From Toronto, Ontario, Joyce Muyiyi is in her first year of engineering in the Faculty of Applied Science at UBC Okanagan. A recipient of the Beyond Tomorrow Scholars Award, Joyce is full of gratitude for donors who are giving their support to Black students at UBC.
“This is a life-changing award!” says Joyce. “Since the Beyond Tomorrow Scholars Award is specific to Black students entering UBC, I’m excited to see the community it will create for people who look like me.” She adds, “I’m looking forward to exploring my career path and also giving back to the community.”
Coming from an extended family of engineers, Joyce was always interested in technology and is looking forward to deciding which branch of engineering she’ll major in. She’d also like to see increased representation of Black women in STEM.
“Looking in my classes, there are four or five of us among 400 students. I want to create a safe space for minorities or people who are underrepresented in the career path they’re on.”
The financial support of the Beyond Tomorrow Scholars Award has been transformative for both Joyce and her family.
“It’s helped me move around comfortably,” says Joyce. “It’s also created a financial cushion for my family—especially my Mom since she’s the sole income earner of our family. When she heard I got the award, she had such a smile on her face! She said, ‘A huge weight has been lifted off my shoulders.'”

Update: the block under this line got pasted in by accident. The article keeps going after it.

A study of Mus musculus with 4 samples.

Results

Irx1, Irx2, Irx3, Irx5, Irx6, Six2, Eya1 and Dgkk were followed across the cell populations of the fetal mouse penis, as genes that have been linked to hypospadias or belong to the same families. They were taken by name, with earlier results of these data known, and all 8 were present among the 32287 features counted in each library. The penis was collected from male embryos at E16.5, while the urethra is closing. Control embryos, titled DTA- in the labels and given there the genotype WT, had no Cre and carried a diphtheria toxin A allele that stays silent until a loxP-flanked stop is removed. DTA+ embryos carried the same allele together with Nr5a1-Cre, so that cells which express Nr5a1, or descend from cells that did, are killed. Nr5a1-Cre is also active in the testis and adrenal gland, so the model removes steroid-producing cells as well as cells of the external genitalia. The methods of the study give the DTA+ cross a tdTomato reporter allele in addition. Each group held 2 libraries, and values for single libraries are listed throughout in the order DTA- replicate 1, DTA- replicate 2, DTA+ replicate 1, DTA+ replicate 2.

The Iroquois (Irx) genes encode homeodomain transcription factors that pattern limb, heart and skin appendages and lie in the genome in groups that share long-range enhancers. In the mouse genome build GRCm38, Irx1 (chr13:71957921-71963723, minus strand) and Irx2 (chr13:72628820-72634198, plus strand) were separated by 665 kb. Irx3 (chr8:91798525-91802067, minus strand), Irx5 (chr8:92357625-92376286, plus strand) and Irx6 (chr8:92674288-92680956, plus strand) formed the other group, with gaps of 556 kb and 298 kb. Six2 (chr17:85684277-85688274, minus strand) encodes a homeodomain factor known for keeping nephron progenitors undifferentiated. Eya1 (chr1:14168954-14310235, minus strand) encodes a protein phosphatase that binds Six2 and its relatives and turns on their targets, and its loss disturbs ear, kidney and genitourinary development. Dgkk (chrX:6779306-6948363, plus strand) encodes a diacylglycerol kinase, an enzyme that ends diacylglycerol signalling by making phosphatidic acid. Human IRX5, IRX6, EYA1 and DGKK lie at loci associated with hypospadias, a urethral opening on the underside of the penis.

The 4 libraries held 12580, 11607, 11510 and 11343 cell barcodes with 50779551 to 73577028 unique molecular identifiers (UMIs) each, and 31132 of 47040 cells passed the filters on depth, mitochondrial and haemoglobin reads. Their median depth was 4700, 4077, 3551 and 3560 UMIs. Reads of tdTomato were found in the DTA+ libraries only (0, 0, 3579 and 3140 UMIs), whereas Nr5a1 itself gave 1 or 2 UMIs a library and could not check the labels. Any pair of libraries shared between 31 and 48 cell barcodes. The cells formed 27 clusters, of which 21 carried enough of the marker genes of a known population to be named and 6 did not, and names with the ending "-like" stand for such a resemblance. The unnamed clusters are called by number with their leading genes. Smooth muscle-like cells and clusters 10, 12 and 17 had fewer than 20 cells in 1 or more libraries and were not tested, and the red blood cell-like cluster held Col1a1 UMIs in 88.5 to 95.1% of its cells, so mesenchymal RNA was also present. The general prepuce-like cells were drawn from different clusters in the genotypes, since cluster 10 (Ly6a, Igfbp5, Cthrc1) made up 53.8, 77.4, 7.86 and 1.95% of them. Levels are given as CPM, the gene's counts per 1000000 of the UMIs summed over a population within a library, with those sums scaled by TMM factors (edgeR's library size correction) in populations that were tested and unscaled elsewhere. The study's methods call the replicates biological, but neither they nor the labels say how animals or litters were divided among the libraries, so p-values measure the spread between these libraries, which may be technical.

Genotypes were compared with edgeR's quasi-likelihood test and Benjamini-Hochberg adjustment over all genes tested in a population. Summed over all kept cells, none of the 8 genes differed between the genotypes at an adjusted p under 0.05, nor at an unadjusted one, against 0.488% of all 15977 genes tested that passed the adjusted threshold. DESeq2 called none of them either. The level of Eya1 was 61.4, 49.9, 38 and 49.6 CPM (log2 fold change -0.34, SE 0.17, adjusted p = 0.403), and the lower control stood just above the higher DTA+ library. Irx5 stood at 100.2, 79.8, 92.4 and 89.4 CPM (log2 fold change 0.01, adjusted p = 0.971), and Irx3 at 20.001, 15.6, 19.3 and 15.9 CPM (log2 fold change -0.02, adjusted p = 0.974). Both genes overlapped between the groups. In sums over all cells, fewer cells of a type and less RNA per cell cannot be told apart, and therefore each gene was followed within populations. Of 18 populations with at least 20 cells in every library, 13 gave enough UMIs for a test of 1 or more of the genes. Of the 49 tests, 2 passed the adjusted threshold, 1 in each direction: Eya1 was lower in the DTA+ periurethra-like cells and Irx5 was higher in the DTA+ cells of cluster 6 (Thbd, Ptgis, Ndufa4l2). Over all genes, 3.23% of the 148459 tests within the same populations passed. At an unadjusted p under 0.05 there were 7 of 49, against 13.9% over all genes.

Joyce also finds life balance is an essential part of her wellbeing—and engages in other interests, such as art and cuisine.
“I do enjoy, in my free time, painting and being creative. I love drawing and have done self-portraits, digital art, sketching,” says Joyce. “I also love cooking food! My Mom used to work a lot, so I cooked dinner for my younger siblings. I like experimenting and creating new cuisines and recipes.”
Joyce is grateful to donors for creating community and supporting Black students at UBC with the Beyond Tomorrow Scholars Award. It already has her thinking of the future—and how she might give back to her community by encouraging Black women to enter the STEM disciplines.
“The Greater Toronto Area I grew up in has one of the biggest Black and immigrant populations in Canada,” says Joyce. “I want to go back in my community and uplift those who, without the money and resources, are discouraged from higher education, and hopefully see more people like me in STEM career paths such as engineering.”